It’s incredible the lengths some people (the minority, fortunately) will go to in order to further their ambitions, compulsions or desires. People like this have always existed, from ancient literature to modern cinema and, of course, in the flesh, in our day-to-day lives.
Sexual deviance and impropriety have also threaded their way through history, again, as documented in many an art form. But only recently has such behavior been pinpointed and put in a vise, hopefully to be squeezed out of the wormhole it’s been hiding in for all these centuries. One of the biggest and most publicized “worms” to be flushed out of its burrow is, of course, Harvey Weinstein, in the midst of the #MeToo movement. Several have followed suit and there are probably more to come.
My purpose here isn’t to examine and comment on #MeToo per se—social media and the press are doing a good job of that. My premise is to put one particular worm under the microscope—a “maggot named Haggis.” Not only has he been accused of multiple charges of rape and sexual misconduct (which would make him a serial sex predator, like Weinstein), he has abused his public platform in efforts to drag one of the most ethical and philanthropic organizations in the world today—the Church of Scientology—through the mud, all for the sake of deflecting attention from his own depraved conduct.
When Hollywood offers success, it comes on a sparkling gold platter. But when the flashing lights dim and the after-parties start to taste sour, the gild quickly fades, turning to nothing more than tinsel. Having savored the saccharine taste of success, some might be tempted to clutch at any straw, attempting an alchemistic approach at turning that tinsel back to gold. In the case of Haggis, “clutching” has led him even further into the pits of iniquity.
According to his sister and former writing partner, Kathy Slevin, Haggis was never actually a member of the Church of Scientology. She explains that he, like any self-respecting parasite, only used it to further his own ends, feeding off contacts he made in L.A. to land some lucrative gigs at the start of his career. He had no scruples when it came to “sucking the lifeblood” of others.
While not even an active member of the Church, he jumped on the Church’s Volunteer Ministers charter flight back to Los Angeles.
But probably his most abject “work” is his contribution to a lie-riddled “documentary” by Alex Gibney and Lawrence Wright, the sole purpose of which was to attempt to denigrate the fastest-growing religion and a movement with extensive volunteer programs in every area that ails society: drug abuse prevention and rehab, education, rehabilitation of criminals, disaster relief and reform of the mental health field, to name but a few.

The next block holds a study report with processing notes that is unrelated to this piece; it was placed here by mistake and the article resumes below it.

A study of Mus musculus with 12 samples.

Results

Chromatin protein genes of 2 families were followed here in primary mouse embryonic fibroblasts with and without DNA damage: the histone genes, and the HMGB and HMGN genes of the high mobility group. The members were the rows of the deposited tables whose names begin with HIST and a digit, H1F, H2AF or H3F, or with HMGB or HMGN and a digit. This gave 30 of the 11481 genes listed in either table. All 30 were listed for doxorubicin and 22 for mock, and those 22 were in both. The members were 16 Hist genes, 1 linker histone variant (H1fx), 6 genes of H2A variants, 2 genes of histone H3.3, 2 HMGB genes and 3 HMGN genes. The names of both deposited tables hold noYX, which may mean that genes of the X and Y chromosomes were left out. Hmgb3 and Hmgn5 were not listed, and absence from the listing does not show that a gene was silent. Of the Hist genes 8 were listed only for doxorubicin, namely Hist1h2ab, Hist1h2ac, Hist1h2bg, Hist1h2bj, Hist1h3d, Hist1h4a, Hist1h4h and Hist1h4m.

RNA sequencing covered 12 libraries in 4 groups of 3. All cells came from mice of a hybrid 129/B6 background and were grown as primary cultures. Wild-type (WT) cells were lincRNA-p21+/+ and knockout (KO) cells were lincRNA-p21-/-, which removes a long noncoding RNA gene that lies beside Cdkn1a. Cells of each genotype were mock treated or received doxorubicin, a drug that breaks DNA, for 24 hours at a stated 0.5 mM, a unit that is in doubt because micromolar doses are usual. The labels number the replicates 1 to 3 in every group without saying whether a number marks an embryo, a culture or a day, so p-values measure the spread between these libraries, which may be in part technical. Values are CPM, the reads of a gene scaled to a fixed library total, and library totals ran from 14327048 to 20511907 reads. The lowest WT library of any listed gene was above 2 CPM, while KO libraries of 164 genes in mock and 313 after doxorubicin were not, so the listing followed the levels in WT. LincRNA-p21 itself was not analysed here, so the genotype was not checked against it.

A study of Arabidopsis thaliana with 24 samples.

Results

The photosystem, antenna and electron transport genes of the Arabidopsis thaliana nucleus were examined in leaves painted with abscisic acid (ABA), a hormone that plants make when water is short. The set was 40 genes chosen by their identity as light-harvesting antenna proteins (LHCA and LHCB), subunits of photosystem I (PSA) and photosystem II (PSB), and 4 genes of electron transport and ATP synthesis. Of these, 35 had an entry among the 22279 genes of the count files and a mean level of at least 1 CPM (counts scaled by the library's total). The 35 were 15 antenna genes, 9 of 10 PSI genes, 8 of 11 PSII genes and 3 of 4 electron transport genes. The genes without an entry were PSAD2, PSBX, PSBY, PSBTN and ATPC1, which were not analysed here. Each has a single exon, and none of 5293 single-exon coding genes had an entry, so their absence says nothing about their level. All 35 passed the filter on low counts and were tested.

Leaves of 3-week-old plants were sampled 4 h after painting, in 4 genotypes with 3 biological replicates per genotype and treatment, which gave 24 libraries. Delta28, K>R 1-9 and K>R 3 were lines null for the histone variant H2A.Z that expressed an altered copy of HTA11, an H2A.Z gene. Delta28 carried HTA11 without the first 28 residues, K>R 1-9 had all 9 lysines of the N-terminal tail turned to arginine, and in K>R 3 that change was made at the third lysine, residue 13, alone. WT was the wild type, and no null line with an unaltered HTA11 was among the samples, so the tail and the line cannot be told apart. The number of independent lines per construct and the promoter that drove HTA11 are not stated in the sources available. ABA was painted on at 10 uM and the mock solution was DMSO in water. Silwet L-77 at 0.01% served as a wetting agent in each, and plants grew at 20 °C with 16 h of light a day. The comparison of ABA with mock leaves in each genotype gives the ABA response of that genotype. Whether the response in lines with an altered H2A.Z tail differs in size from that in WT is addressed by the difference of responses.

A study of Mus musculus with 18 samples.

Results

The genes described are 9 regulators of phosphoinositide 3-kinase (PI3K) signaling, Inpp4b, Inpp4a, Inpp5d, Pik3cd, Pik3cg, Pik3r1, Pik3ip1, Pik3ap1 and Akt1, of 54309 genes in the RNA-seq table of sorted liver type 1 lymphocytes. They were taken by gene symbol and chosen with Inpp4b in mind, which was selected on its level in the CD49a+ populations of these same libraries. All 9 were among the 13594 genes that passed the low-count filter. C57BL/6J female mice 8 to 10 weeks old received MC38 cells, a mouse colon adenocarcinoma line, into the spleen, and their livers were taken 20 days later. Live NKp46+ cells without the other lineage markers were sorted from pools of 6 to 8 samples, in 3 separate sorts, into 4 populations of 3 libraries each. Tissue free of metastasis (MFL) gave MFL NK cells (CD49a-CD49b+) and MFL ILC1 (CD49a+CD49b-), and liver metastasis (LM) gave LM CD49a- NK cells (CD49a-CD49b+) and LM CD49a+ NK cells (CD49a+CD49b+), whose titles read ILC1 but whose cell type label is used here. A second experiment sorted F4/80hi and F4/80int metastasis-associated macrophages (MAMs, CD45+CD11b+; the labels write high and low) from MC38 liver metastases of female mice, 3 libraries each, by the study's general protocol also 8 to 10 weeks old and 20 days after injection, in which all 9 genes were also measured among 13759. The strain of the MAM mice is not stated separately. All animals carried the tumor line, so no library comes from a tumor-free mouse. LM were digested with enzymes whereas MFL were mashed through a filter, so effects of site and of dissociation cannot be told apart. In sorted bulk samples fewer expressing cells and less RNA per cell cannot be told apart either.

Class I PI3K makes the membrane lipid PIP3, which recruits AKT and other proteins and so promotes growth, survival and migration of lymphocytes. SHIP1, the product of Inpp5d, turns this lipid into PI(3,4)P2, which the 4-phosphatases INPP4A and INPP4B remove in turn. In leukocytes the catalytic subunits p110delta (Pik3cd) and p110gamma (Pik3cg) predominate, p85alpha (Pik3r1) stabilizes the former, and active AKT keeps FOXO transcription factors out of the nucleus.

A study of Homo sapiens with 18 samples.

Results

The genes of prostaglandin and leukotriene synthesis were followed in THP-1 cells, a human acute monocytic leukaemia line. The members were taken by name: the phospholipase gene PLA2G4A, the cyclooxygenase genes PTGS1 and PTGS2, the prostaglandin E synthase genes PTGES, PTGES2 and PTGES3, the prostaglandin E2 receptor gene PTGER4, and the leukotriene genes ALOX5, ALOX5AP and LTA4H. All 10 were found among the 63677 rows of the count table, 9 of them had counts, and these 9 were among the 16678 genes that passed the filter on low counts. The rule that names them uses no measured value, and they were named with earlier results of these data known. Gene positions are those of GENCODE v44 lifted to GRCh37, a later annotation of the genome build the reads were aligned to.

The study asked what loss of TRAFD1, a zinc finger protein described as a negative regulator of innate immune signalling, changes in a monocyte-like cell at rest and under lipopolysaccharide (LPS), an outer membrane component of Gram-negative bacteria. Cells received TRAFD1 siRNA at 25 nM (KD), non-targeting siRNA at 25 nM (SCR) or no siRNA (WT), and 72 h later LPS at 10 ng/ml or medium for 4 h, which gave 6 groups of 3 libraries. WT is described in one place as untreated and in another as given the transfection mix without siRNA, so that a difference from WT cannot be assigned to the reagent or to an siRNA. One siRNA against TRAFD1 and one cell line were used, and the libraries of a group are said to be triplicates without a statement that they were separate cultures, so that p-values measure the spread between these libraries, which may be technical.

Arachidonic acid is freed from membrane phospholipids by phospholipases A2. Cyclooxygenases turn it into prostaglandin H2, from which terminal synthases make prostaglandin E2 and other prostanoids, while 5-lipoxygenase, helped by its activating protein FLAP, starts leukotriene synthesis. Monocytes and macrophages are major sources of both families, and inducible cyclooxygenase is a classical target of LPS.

These maggots-in-arms picked Haggis up after his critically panned “Third Person” was released into the tinseltown ether in 2013. Typical of its reception, Indiewire had this to say about it: “‘Third Person’ is such an inept and bungled disaster of a movie, it almost feels a bit too harsh to treat it as a punching bag. That said, it’s truly shocking just how far and wide Haggis misses the mark. ‘Third Person’ is an audacious failure, one that even its starry cast can’t save. With a trite script, and an even more glib thematic undercurrent, ‘Third Person’ is nothing short of an outright embarrassment.”
When Gibney and Wright came looking for an anti-Scientology source, Haggis found an opportunity to step into the spotlight from a new angle, again using Scientology as a springboard. He had purportedly left the Church in 2010 (given that he hadn’t been an active member for 30 years the term “leaving” is a curious statement), wanting the Church of Scientology to become publicly involved in the highly debated same-sex marriage controversy. Never mind that the Church of Scientology is apolitical and never involves itself in political issues, a fact Haggis knew only too well. Had he been a genuine Scientologist, he would also have read the Church’s Creed, which states:
“We of the Church believe that all men of whatever race, color or creed were created with equal rights.”
It will be interesting to see where the #MeToo train takes its sexual predator passengers. Some will be dropped off at the terminus, a slammer. Others may manage to jump off along the way. But whatever happens to Paul Haggis, no matter the verdict regarding his charges of sexual abuse, at least one thing is for sure: from here on out, he will have to carry another enormous crime on his conscience—that of smearing a truly honest and humanitarian group.
In the beautiful highlands of Scotland, haggis is a dish served minced. As Paul Haggis goes through the judicial grind, I will be standing by with chopped onions and spices, ready to relish the meal that’s been a long time cooking.